As every clinician knows, it can often be a relief of look at an ultrasound result. That adnexal mass you felt? A simple cyst. Mr.J’s carotid artery? Not so plaque-filled after all.

Usually we await a radiologist’s procedure, judgment, and documentation before getting these results.  Sometimes we’re offered a quick preliminary read, but it often can take days or even weeks before a final report appears on your desk. In particularly well-equipped clinics, an in-office ultrasound can yield quicker results, but these are rare outside of hospitals or obstetrical settings and can be expensive to maintain.

But what if all clinicians were equipped with ultrasound technology? What if a portable ultrasound was as ubiquitous as a stethoscope or a reflex hammer?


Of course he can!  Who can possibly distinguish fascia from fat from mass from organ with their bare hands alone?  Who has the secret x-ray powers to assess whether a breast mass is a cyst or a malignancy?  Ultrasound undoubtedly has the capacity to assess anatomical differences indistinguishable with mere human senses.

Dr. Fox and his colleagues are attempting to bring more advanced technology to the bedside, and with it, they hope, more accurate diagnostic specificity. They’re trying to enable better, more efficient patient care – something we all value and strive for.

Then why does this prospect make me so uneasy?

First, no one knows if the experiment will work. UC Irvine is the first medical school to integrate bedside ultrasound into its curriculum, and the school hasn’t proffered any specific plan to track student or patient outcomes with the new approach. The bedside ultrasound may simply lead to more ordering of diagnostic ultrasounds or result in one more piece of evidence to corroborate a diagnosis that could already have been reached through a history, physical and labs.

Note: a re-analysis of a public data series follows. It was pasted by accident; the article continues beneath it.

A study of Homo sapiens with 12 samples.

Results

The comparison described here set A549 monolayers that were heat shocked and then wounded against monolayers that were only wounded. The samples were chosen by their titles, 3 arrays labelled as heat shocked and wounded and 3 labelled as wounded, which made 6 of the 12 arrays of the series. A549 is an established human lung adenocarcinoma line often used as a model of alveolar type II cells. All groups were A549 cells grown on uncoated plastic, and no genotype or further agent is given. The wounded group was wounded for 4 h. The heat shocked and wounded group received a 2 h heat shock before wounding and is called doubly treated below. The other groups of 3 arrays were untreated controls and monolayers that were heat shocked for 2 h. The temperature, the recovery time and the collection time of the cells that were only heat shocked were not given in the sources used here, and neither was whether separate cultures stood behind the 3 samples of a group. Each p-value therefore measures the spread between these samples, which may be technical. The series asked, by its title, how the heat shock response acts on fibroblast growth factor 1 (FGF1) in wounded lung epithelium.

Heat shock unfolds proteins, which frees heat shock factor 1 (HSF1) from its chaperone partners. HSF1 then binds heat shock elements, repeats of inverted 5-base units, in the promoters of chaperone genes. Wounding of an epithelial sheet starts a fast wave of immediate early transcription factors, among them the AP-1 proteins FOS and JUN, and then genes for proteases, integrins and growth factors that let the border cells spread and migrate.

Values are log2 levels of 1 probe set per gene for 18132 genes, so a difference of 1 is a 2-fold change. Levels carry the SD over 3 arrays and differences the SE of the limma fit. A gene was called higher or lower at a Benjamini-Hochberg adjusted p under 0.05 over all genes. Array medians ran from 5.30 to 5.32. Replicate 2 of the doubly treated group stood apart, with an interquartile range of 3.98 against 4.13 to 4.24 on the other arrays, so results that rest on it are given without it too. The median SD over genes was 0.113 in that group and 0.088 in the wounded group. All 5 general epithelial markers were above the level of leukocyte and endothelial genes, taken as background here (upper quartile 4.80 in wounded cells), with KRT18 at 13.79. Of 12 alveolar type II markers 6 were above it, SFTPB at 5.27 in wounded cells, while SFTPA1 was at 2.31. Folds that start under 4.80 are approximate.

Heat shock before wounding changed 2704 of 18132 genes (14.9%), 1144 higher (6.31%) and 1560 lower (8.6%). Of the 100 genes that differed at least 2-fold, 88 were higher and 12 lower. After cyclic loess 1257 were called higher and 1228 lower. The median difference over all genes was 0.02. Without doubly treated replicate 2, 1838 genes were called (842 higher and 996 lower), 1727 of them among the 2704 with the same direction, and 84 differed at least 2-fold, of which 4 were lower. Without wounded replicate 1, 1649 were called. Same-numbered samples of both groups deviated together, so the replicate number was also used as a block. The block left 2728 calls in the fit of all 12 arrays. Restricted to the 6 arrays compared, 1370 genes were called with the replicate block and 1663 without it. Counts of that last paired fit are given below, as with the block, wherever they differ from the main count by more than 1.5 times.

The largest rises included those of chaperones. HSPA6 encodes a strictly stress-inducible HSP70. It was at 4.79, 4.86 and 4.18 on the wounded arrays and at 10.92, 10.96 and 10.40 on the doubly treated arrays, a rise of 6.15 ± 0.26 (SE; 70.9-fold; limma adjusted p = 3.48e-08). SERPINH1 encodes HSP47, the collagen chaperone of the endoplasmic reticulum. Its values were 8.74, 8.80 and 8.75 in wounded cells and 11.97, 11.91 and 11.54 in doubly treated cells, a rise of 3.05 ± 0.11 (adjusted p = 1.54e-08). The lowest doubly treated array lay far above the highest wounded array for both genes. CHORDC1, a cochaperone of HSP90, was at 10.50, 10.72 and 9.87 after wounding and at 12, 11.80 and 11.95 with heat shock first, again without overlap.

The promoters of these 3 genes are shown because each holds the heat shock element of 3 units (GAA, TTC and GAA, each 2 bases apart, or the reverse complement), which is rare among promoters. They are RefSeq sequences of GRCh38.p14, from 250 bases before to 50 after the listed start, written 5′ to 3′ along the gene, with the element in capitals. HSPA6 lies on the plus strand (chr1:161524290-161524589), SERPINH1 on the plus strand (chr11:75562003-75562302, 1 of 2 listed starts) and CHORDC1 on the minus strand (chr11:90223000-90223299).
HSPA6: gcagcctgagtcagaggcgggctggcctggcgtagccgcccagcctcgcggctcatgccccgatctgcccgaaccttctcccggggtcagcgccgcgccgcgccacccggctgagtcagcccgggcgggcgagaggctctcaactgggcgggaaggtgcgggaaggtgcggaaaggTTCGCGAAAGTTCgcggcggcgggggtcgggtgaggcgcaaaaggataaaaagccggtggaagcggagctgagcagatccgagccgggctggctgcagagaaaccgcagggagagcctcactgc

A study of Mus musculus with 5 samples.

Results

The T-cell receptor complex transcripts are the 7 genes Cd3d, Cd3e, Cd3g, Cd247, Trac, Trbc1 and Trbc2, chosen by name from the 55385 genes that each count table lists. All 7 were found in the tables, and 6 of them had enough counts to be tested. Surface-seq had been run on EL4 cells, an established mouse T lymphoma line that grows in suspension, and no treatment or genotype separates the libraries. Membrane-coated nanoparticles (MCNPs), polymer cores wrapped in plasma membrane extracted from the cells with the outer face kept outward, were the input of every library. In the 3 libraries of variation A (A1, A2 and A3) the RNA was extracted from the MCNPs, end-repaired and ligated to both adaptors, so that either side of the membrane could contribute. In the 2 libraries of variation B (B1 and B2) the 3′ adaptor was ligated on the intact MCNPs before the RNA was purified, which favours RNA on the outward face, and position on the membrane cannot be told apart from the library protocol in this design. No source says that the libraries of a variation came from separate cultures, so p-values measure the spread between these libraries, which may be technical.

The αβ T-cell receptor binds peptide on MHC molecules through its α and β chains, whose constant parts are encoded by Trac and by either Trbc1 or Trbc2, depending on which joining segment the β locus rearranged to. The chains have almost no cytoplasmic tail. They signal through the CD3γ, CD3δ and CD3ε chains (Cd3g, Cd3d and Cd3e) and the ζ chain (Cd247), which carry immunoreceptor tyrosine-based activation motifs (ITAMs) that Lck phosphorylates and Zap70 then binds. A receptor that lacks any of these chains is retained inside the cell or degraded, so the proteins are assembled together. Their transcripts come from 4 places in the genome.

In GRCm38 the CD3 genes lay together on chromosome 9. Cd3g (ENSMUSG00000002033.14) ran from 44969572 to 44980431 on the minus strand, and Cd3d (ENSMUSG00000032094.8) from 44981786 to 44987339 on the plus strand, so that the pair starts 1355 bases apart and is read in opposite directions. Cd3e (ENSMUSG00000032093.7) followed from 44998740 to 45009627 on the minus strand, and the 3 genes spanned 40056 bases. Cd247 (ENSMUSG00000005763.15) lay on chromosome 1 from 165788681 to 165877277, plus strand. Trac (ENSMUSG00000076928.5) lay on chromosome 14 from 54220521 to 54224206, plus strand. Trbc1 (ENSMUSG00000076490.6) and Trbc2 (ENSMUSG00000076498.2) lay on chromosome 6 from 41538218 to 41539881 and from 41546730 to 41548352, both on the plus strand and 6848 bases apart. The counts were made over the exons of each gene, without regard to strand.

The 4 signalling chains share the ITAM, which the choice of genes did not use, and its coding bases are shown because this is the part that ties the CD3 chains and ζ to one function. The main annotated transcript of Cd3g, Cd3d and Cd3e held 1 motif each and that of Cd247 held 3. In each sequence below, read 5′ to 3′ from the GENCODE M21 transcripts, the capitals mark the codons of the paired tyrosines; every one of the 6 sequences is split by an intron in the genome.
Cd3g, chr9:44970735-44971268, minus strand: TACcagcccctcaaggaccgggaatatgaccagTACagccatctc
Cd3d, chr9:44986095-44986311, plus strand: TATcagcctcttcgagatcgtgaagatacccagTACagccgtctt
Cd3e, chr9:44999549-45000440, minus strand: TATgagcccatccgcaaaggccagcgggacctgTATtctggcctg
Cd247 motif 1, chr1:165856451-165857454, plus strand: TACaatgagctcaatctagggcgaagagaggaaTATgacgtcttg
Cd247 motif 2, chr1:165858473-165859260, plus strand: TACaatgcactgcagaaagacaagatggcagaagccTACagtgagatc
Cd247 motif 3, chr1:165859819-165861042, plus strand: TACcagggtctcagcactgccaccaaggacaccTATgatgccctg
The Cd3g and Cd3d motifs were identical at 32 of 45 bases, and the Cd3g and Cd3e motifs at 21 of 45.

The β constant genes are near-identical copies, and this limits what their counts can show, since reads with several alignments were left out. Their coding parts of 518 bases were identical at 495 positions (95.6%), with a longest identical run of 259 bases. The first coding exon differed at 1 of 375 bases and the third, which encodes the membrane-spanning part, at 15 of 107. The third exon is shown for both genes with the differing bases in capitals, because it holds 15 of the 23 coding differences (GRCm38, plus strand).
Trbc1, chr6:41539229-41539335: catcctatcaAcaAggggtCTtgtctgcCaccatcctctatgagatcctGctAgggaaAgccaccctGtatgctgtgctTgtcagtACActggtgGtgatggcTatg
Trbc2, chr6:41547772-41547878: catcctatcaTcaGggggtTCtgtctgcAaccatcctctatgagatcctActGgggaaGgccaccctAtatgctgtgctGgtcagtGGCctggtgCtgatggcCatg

Even if the new curriculum does work – if the newly minted MDs indeed are better at evaluating and diagnosing than their sonogram-less counterparts – at what cost will we have we bought this progress?  The financial cost of the machines, the training and the maintenance is considerable (comparable to a luxury car, according to the NPR story). The likelihood of false positive findings, especially with brand new clinicians, is high and the prospect of costly follow-up daunting.

Furthermore, as the senior associate chairman for the theory and practice of medicine at Stanford University Dr. Abraham Verghese, has so articulately argued in a recent New York Times article, the physical exam is already a disappearing art. Few of us learn – let alone remember years into practice – the finer points of the neurological exam or the myriad ways to assess for peritonitis. 

As new technologies are introduced, especially into routine practice, these important skills run the risk of disappearing even more quickly. In the race to adopt and integrate new technology, we need to stop and check we are substantively improving patient care and that we don’t accidentally discard part of what makes us valuable clinicians in the first place.

Dr. Fox claims that the ultrasound fosters a connection between clinician and patient: “It’s not just looking at a still image on the screen. It’s generating the image yourself, interacting with your patient in that intimate way – that is ‘bedside ultrasound.’”

As someone who has conducted hundreds of exams and hundreds of ultrasounds, I’m not sure I agree. Accustomed as I am to walking around, as Dr. Fox puts it, “with the Internet in [my] pocket,” I think something is lost when a screen is placed between you and your patient. A relationship mediated by sound waves and grainy images does differ meaningfully from one conducted eye-to-eye or hand-to-person. Which is better? That should be up to each clinician – and, really, each patient – to determine.